I was ten when one of my friends first told me about menstruation. No, my mother had never told me about it, so as my friend talked I tried to grasp all the information she was giving us. Though I didn’t understand fifty percent of what she said, I was proud that I had learnt something new about my body. Of course I had seen my mother use sanitary napkins and had asked her what they were for, but my mother never gave me a clear answer. The first thing that my friend said to the group of girls about menstruation was that one should always be hush about it and that one should never talk about it openly. That day when I went home and asked my mother about it, she said, “Yes, girls bleed for five days every month until they reach a certain age.” I asked her why she hadn’t answered honestly when I had asked her about it. She said, “It is not something you talk about openly.” Well, that is what I learned first about menstruation, ‘DO NOT TALK ABOUT IT’.
The origin of this myth dates back to the Vedic times and is often been linked to Indra’s slaying of Vritras. When Indra ignored the sage Vrihaspati when he came to visit him, Vrihaspati felt insulted and went away. Without Vrihaspati to guide them, the Devas felt directionless. Indra went to look for him, but he could find him no where. Acting on the advice of Lord Brahma, the Devas installed Vishwarupa, the son of the God Tvashta as their new Guru. He was also a Brahmana renowned for his learning and yogic power. As time progressed, Vishwarupa started to notice that Indra and the Devas spent an inordinate amount of time in pursuit of pleasure. Besides, his mother was a Asura woman, and his loyalty was divided. Secretly, he started giving a portion of the sacrificial oblations (Havis) to the Asuras. As a result, their strength increased.
When Indra came to know of this treachery, he became very angry. Without pausing to think the consequences of his actions, he struck off the three heads of Vishwarupa. Since he had killed a Brahmana, that too his Guru, he became guilty of the sin of Brahmana-Hatya(murder). However, he escaped his punishment by distributing the sin among the land, water, and women. In return for ridding Indra of the sin, earth got water to fill its empty holes, trees got re-growth of cut branches, water became purifying, and women obtained undiminished sexual desire. As a result of their share of the sin, earth has wastelands, trees have sap, waters have froth, and women have menstruation.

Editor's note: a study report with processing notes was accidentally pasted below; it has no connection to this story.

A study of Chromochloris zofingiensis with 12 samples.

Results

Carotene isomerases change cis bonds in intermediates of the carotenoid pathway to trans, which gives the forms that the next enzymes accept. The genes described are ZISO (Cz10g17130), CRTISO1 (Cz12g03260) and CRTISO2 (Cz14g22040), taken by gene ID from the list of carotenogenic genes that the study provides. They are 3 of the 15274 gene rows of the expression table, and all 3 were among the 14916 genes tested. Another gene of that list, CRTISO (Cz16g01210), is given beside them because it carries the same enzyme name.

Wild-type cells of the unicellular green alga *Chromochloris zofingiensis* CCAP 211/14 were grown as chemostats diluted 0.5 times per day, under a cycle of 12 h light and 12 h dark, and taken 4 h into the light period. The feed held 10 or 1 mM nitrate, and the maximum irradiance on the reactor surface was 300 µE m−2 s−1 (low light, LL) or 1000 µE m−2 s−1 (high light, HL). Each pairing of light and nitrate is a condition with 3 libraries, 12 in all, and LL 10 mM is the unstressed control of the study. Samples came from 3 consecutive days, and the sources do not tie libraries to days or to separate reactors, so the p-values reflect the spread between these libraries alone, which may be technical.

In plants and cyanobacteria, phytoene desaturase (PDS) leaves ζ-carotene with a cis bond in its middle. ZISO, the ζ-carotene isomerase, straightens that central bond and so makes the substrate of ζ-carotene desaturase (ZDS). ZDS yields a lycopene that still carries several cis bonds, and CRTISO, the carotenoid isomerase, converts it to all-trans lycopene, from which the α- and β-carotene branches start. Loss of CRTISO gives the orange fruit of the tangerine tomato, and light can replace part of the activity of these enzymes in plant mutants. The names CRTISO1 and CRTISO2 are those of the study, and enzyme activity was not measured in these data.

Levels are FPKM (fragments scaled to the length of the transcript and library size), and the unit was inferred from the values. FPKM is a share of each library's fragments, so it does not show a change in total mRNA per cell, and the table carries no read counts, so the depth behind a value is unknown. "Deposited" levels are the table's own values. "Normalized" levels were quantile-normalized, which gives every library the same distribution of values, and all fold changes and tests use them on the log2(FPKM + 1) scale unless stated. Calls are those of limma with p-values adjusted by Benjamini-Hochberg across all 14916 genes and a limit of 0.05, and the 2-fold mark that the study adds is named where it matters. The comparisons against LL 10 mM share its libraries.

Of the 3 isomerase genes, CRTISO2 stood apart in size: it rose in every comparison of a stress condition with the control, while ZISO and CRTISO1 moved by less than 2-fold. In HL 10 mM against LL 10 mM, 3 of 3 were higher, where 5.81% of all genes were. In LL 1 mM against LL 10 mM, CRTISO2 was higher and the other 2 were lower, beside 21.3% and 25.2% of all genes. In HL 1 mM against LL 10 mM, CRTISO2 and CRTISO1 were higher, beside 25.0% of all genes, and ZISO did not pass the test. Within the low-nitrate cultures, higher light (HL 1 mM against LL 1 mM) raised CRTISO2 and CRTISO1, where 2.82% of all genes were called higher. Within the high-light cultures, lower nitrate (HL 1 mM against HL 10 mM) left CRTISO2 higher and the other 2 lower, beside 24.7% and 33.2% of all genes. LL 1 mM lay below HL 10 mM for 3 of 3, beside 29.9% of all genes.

When I got my periods at the age of twelve, I was made to follow a list of ridiculous and senseless rules :
1 : Keep your periods a secret from people around you.
2: Do not enter any place of worship.
3: Do not go into the pantry or the kitchen.
4: Use a separate soap to clean yourself.
5: Do not do any type of physical activities that involve jumping.
6: Only sit on one chair and sleep in one bed. Wash the bed cover immediately after your periods is over.
There are a dozen more ridiculous rules that I can list, but I guess I have proved my point. I was fifteen when my biology teacher at school gave us the real talk on menstruation to bust myths. It was in her class that I understood the process of menstruation properly (without added made-up facts). From then onward I have never followed any rule that wasn’t backed up by science. Initially my mother revolted, but soon she got round to my way of thinking. She now understands how stupid the rules are and she often regrets following them for twenty years of her life.
In India cultural norms and religious taboos on menstruation are often compounded by traditional associations with evil spirits, shame and embarrassment surrounding sexual reproduction. Millions of Indian girls are told unscientific BS about their body by other ignorant female. They are forced to stay isolated when they menstruate and use unhygienic menstruation stuff, like old rag, leaves, ashes, paper and hay. They are kept in the shadow of oblivion and myths. NGOs and the media is trying to help girls like these. NGO workers go to towns, villages, schools and colleges to promote menstrual health and hygiene. Many movies and documentaries are made to spread awareness among masses. The government is providing packs of sanitary napkins to economically backward households so that the hygiene of women are not compromised. It is expected that within a few years time menstruation myths would be a thing of past in India.
Last year I remember asking for a napkin from the infirmary caretaker (The caretaker was a woman) at school. The lady took out a sanitary napkin, which she crumpled into a ball in her fist, she then covered it with a newspaper and gave it to me from under her sari. Honestly it felt as if she was smuggling me a pack of cocaine. “Is it drugs?” I joked as I took it from her, from her look I don’t think she got the joke.